Today I have a special guest blogger, Hemla S., an Israeli student at the Natural Perfumery Institute. She was a little overdue getting her assignments to me, and she wrote…well, the spoiler is at the end of the blog.
Hemla: I remember when pregnant with my eldest, prior to giving birth, I read a lot about labor, the human anatomy, the hormones in action, and how to combine all these different aspects of the human to allow a truly empowering birth to happen. I read an article that discussed how to know how dilated the laboring woman is, without actually checking her cervix –the pupils, behavior, sounds made by the woman and more. one thing that really caught my attention: it said, that just before giving birth there is a smell in the room, many people forget it was there, but if you mention it to a woman who had given birth, or she smells it again she will say ‘oh yes’ the article said there is a distinctly animal smell in the air before the baby is ready to be pushed out.
This is true. There is a very musky –not dirty, but animal smell in the air.
It is believed that in utero, the fetus can smell –with all the amniotic fluid which he ‘breaths’ freely, not getting his supply of oxygen from the nose/lungs. And thus, when the baby is born, he knows the smell of his mother, from without, as he grew so familiar with it from within.
Nursing, too, is very scent sensitive. When my child was 3-4 months old, for the first time I went into the studio and played around with my blends. I came out smelling like a garden, with all these gorgeous florals and balsams on my fingers and arms. I sat down to nurse my baby, and she wouldn’t nurse. She did not like being held by me with me masked –so close, and yet so far. (After that experience, I didn’t go back to blending until she was around a year old)
Pregnant ladies have an extremely sensitive sense of smell, laboring ladies even more. It is common to hear ladies talking of the smells they simply could not stand –especially in their first trimester smells such as eggs, cooked foods, musks –even synthetic- are commonly shunned by expecting mothers. I remember speaking with an older lady about her birth experiences, and she was discussing the birth of one of her sons, and how the midwife had on this awful, musky perfume! And she could not stand whenever she entered the room! (to think, such a small detail, to be remembered so strongly after so many years)
The Mother relies on her sense of smell to love her baby as well. It is now known that washing a just born child is not necessary, and can even hinder the bonding supposed to occur between mommy and baby.
I believe that nursing babies will always smell a bit like their mother, not only for the shared genealogy, but also since their diet is the same, another thing that plays a big roll in keeping the mom attracted to her baby –we are easily attracted to what is familiar, and similar to us.
Chinese medicine says pregnant women are not allowed to smell Musk pods –It can put her immediately into labor –whether she is 6, 8 or 9 months pregnant.
Our sense of smell plays a strong role in helping us chose a compatible partner – A friend of mine told me that when he learnt that, he stopped using scented deodorant. He did not want to attract someone who would not be attracted to him over time.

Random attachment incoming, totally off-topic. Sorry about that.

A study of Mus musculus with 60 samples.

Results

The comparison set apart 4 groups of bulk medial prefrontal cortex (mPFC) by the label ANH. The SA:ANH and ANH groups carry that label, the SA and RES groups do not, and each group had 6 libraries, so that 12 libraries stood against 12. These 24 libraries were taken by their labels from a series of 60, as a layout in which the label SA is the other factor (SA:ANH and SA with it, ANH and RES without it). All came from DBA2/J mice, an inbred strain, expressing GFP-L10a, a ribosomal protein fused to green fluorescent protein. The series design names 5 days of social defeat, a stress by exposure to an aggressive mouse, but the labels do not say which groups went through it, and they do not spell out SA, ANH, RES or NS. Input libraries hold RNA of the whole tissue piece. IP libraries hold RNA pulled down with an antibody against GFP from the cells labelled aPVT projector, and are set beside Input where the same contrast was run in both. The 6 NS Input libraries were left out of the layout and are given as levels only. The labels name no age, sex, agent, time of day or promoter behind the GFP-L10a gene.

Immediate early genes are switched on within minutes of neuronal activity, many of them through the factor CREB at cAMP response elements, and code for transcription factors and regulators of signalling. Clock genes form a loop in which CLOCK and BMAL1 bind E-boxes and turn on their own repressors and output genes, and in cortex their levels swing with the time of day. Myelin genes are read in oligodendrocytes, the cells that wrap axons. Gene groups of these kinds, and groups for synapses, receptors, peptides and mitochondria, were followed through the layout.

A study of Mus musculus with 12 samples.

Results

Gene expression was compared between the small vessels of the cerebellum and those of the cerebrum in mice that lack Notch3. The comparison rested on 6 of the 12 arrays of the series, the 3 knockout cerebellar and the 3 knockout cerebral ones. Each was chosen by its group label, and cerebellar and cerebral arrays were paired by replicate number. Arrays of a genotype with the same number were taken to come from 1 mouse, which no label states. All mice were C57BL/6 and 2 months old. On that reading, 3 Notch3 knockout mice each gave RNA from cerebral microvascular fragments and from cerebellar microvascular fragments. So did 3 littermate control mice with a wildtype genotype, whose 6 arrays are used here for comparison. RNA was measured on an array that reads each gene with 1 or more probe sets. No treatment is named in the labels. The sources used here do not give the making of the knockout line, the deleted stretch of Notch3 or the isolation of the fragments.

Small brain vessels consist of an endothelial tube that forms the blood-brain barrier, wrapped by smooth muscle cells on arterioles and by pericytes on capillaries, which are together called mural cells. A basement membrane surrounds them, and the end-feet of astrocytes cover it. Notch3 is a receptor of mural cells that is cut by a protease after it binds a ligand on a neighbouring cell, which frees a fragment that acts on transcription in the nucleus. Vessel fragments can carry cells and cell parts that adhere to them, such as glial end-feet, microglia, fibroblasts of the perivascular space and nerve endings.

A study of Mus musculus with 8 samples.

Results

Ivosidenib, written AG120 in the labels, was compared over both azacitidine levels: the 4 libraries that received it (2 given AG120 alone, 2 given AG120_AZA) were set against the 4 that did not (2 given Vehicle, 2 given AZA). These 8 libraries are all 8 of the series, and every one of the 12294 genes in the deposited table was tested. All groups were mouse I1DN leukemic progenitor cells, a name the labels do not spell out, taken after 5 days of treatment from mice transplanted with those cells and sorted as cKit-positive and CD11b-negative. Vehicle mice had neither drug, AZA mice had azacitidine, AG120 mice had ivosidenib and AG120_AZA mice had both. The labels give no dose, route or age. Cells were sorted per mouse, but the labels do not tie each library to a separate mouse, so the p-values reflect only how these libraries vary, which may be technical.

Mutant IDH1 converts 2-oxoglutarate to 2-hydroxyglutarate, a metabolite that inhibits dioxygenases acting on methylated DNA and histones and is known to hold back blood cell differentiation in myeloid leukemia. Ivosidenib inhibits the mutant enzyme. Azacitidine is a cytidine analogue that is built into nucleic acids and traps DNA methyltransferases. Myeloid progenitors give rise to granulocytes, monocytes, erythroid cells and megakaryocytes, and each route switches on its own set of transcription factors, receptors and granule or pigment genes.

There are many aromatics that I detect a smell that strongly reminds me of sex –Sandalwood being the strongest of these. Not dirty, musky and moist. I believe this plays a strong role in people’s’ attraction to these scents, after all, scent is the foreplay of the plants and bugs.
There can be no reproduction without scent, there can be no continuation, attraction, nourishment, without scent. Our society does not see this as such an important sense, and we are not brought up in a way that develops and sharpens our sense of smell, the opposite is more true, usually it goes overlooked. Yet it’s role is just as important, whether known or ignored.
Natural aromatics do not cover ones natural scent, they melds with, and enhance. But still, it is very possible to detect –on a primal level – whether this partner is compatible with you. Attractive, healthy, etc
May we be blessed to share many more smelly days, sharing with our loved ones in the beauty of this world.
Small note: this essay is a melding of two of my passions – birth and perfume. I am a doula, and am constantly blown away by what really goes on when a child is born –in the mother, in the child, in the people surrounding and on a spiritual level-in all the world. I enjoyed melding one passion with another.
And another note: Anya, I wrote this before I had gotten pregnant, funny, I guess on some psychic level, I knew that this is a direction I will soon be taking once more
Anya’s note: Hemla is the first student to write in depth about her experiences working with aromatics while pregnant, and it’s more informative because she is a doula. I remember reading about the smell/repulsion factor during pregnancy in many aromatherapy books, and how many posted in aromatherapy forums that jasmine grandiflorum absolute was used at a certain stage of labor.
Does anyone have a “pregnant perfumer” or “pregnant aromatherapist” story to share?
Leave a comment by 11:59 PM April 5, 2013 and you’ll be in a drawing to receive a 4ml bottle of exquisite jasmine grandiflorum absolute, diluted 10% in organic grain alcohol. It’s the same jasmine my students receive in their kits. The alcohol helps ‘open up’ the jasmine and it’s wearable as a perfume on its own. If you’ve never experienced true, high-quality jasmine, this will delight you.